Work About Contact

Feature Design

Zoom Case Study

I grouped with student designers to analyze current videochatting platforms. Our research led to the design of an in-call Zoom feature aimed to improve efficiency and ease of video calling during quarantine.


Work-from-home user

During quarantine, people are looking for ways to effectively interact virtually and adapt to work-from-home lifestyles. They are becoming reliant on video chatting platforms, such as Zoom, to communicate and run their businesses. With changing user habits, how can we improve this product to make the work-from-home experience easier and more efficient?


In-call feature

The in-call meetings feature helps users quickly navigate between meetings and access their schedules and information while in ongoing calls. Information and actions are consolidated into a concise and accessible window to make the process of organizing and attending virtual meetings simpler and faster.

Competitor analysis

To begin our process, we researched existing popular video chatting platforms. We directly compared features of Microsoft Teams, Google Meet, and Zoom.

Interview findings
Competitor analysis — comparing features of popular video chatting platforms.
General findings from our analyses
Platforms should include safety measures (password, controls, etc).
Platforms should be able to accommodate at least 100-150 people.
Virtual backgrounds are a good feature for those with distracting backgrounds.
Waiting rooms are helpful to let you know who you are letting in.
Dashboards are helpful for planning calls.

Interviewing video chatters

To gain more user perspectives, we interviewed individuals on their video chatting habits, most used platforms, and problems with existing products. We found Zoom to be one of the most used and decided to focus on improving the single product.

Interview findings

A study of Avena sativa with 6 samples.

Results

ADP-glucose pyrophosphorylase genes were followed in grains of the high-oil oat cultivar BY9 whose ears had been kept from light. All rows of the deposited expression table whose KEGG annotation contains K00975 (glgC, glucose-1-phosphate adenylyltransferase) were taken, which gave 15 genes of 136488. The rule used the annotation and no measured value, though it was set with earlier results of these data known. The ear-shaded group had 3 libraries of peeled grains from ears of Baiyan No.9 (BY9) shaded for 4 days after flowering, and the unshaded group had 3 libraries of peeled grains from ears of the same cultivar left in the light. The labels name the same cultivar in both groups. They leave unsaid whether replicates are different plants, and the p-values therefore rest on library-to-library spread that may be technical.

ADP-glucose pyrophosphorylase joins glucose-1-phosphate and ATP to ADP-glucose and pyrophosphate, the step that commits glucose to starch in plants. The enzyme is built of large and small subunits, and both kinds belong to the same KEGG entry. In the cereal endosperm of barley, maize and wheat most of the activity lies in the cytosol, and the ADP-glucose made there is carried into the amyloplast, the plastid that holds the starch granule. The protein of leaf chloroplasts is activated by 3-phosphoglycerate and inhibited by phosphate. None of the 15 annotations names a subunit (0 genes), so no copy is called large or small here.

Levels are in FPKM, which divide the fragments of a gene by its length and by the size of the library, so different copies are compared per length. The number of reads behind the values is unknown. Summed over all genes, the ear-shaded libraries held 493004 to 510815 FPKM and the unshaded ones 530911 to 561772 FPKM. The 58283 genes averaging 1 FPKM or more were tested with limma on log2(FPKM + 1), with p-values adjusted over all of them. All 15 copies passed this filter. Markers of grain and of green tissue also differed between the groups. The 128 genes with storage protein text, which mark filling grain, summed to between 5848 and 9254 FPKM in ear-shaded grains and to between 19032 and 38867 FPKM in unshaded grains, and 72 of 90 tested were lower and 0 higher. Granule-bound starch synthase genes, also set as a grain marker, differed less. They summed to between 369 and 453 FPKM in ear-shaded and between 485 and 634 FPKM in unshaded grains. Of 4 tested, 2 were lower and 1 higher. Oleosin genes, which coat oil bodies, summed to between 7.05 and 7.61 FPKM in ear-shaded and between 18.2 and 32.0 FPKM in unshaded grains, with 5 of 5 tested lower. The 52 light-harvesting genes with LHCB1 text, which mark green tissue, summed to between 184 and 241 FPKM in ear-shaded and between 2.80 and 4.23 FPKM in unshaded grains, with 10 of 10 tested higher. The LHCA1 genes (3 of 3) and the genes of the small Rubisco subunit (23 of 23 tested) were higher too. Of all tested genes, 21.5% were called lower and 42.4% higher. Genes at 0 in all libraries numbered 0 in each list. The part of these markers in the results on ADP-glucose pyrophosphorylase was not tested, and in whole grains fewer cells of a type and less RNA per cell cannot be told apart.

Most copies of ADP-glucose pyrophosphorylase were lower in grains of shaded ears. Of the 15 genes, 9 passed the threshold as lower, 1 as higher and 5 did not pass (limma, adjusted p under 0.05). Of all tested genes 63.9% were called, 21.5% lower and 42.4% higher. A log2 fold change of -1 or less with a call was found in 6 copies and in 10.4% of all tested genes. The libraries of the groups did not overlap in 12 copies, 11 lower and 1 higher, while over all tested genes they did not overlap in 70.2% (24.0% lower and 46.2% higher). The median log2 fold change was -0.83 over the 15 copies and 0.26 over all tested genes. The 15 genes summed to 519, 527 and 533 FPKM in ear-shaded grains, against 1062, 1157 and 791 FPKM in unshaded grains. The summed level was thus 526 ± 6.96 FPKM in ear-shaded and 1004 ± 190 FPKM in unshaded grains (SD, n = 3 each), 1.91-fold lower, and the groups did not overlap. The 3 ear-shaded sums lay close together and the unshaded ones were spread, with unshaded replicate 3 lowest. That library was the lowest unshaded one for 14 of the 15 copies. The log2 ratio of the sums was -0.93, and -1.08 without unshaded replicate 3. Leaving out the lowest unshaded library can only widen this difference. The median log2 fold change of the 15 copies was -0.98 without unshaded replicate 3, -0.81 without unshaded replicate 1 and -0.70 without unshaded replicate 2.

General interviews — asking video chatters about their habits, common used platforms and video chatting pain points.

Zoom user survey

With a focus on Zoom, we wanted to learn more specifically about its user experience and identify potential problems. We sent out a survey to current users.

Interview findings
Zoom user survey — asking users about their likes and dislikes of Zoom as well as uses of the platform.
Insights gathered from our survey
Zoom is primarily introduced and used for work.
Growing population of users also use platform for personal video calls.
Most pain points relate to organizing calls and accessing zoom links/invites.


Based on our survey results, we created four personas to represent the range of customers and various uses of the product.

Persona 1
Persona 1 — Zoom for non-work related/social events and activities.
Persona 2
Persona 2 — Student.
Persona 3
Persona 3 — Working adult in managing position.
Persona 4
Persona 4 — Working adult in freelance position.


With a better understanding of the products existing pain points and user contexts, we moved on to brainstorm potential features and improvements. We performed two exercises to help prioritize ideas and identify which ones were most practical.

Exercise 1
Exercise 1 — Categorizing ideas based on content.
Exercise 2
Exercise 2 — Organizing ideas based on value and cost.
Conclusion based on exercises
We decided to focus on improving call scheduling and access. Our ideas were most concentrated in that category and more practical (high value and low cost).


Once we pinpointed which areas of the product we wanted to focus on improving, we drew basic wireframes to begin visualizing our solutions. We came up with two directions: an in-call feature and a dashboard redesign.

Wireframe 1
Wireframe 2
Comparing the directions
The dashboard redesign was focused more on fixing technical issues and editing small details. With the in-call feature, it more directly solved issues we identified in our research and had more opportunity for design.

Iterating on wireframes

We continued to iterate on the in-call feature and tested out various indicators and details on users.

Exercise 1
Different ways to visually indicate ongoing calls.
Exercise 2
Potential action buttons and icons for meetings.
Feedback from users
A solid blue fill was most favorable for indicating ongoing meetings. Users found the other indicators to be too subtle or hard to interpret.
Users liked meeting buttons to stay consistent with those on the dashboard.
They also felt they wouldn't use the remind/notify icon in the context of this feature.

High Fidelity Prototype

Pop-up window

In-call meetings window is designed to fit the format of existing features and interactions.

Profile creation

Meeting buttons

Key information and actions are displayed to allow for efficient transitions between video calls and easy access to call links.

Meetings pop-up
Scheduled meetings are displayed with information — ongoing meetings are highlighted in blue, non-hosted meetings show host name.
Hosted meeting
Meeting buttons can be expanded, hosted meetings have additional actions.
Non-hosted meeting
Non-hosted meetings only have join option.
Ongoing meeting
Ongoing meetings buttons can be expanded, majority actions are disabled.